SOMETIMES A QUICK death is the best way. That is true of the Obama administration’s decision, announced Friday, to kill the Community Living Assistance Services and Supports Act, better known as the CLASS Act. The program, adopted as part of the larger health-reform bill, would have created a voluntary long-term care insurance program run by the federal government. Those who participated and paid in for at least five years would have become entitled to a cash benefit of at least $50 a day to pay for non-medical services they required to stay at home rather than enter a nursing home.

The problem, as numerous experts warned at the time, was whether the program could be run, as the law required, in a way that made it financially solvent for at least 75 years. The difficulty with the CLASS Act was ensuring that premiums could be set low enough to attract widespread participation but high enough to pay the promised benefits. The risk was that the program would attract the sickest participants, who thought they might need its protections, and thereby drive premium prices ever higher in a spiral of dysfunction. Once the program was underway and millions had paid their premiums, the temptation for a government bailout would have been significant.

At the time the measure was being debated, the Obama administration insisted that it could be implemented in a workable fashion. The administration was also happy to count premium revenue from the CLASS Act — it brings in money in the short term but pays it out later — as part of the projected “savings” of the health-care law. The CLASS Act accounted for $70 billion of the $143 billion in deficit reduction projected during the first 10 years.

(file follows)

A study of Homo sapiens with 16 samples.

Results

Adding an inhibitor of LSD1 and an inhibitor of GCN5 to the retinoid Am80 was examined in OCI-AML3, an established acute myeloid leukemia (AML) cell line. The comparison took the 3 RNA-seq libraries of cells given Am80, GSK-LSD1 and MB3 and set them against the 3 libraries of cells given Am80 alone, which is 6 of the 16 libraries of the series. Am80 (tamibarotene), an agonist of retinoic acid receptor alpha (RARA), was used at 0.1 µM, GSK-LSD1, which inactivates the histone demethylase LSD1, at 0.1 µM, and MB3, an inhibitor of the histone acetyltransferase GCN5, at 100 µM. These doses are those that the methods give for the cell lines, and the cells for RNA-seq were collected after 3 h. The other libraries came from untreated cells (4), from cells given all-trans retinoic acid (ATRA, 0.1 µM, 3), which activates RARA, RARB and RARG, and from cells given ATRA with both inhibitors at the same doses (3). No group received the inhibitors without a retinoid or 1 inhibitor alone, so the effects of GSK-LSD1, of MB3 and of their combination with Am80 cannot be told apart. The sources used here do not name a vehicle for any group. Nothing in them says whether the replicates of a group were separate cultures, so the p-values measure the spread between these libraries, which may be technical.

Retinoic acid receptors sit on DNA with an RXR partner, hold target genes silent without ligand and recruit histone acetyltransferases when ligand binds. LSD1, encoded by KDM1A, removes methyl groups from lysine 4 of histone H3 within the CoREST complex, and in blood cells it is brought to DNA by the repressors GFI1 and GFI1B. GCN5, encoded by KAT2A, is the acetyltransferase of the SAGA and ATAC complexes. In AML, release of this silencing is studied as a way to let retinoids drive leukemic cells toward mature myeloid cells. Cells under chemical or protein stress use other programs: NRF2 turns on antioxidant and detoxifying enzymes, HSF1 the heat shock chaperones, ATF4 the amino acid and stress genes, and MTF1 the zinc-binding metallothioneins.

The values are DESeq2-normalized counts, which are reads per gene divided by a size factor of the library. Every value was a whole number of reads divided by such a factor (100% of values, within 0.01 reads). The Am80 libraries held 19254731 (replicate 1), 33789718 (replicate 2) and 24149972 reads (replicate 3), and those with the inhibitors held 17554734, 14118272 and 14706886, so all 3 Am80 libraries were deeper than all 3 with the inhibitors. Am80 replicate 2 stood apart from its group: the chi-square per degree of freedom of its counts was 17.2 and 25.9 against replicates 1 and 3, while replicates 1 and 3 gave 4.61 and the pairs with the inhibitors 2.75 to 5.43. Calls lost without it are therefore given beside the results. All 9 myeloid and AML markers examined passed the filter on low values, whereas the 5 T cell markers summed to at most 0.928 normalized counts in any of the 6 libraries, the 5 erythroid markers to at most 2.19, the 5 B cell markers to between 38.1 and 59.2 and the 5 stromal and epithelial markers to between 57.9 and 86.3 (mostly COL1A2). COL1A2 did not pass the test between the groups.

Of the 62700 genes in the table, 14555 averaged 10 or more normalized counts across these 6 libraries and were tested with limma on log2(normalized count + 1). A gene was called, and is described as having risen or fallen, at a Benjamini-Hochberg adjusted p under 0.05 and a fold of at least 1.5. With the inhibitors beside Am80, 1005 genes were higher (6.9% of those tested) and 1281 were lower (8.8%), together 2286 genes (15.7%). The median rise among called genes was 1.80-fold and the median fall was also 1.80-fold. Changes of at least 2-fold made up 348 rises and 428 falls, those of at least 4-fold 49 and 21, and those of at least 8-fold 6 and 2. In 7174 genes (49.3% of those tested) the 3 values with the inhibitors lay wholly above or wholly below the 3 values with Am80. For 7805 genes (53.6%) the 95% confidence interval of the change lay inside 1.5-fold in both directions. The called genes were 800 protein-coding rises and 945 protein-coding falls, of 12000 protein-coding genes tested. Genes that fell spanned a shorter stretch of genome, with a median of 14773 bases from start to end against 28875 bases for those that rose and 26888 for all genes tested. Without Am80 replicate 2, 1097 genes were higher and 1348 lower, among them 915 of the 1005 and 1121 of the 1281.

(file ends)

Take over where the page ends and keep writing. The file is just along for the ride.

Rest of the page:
On Friday, Health and Human Services Secretary Kathleen Sebelius announced that the department had decided to pull the plug on CLASS. “I do not see a viable path forward for CLASS implementation at this time,” she wrote in a letter to congressional leaders. This is the right conclusion. Although Republicans were quick to leap on the move as an illustration of the unworkable nature of the health-care law, that is an unfair dig. The CLASS program was conceived as a separate, standalone measure.

Meanwhile, as Ms. Sebelius noted in her letter, “The challenge that CLASS was created to address is not going away.” Only 2.8 percent of Americans have private long-term care coverage. By 2020, an estimated 15 million will need some form of long-term care. Medicare does not cover long-term care services; for many people, the alternative is essentially going bankrupt in order to become eligible for Medicaid. That is an imperfect solution and, for federal and state governments, an expensive one. Long-term care already accounts for about one-third of Medicaid spending. The CLASS Act may be gone, but the problem remains.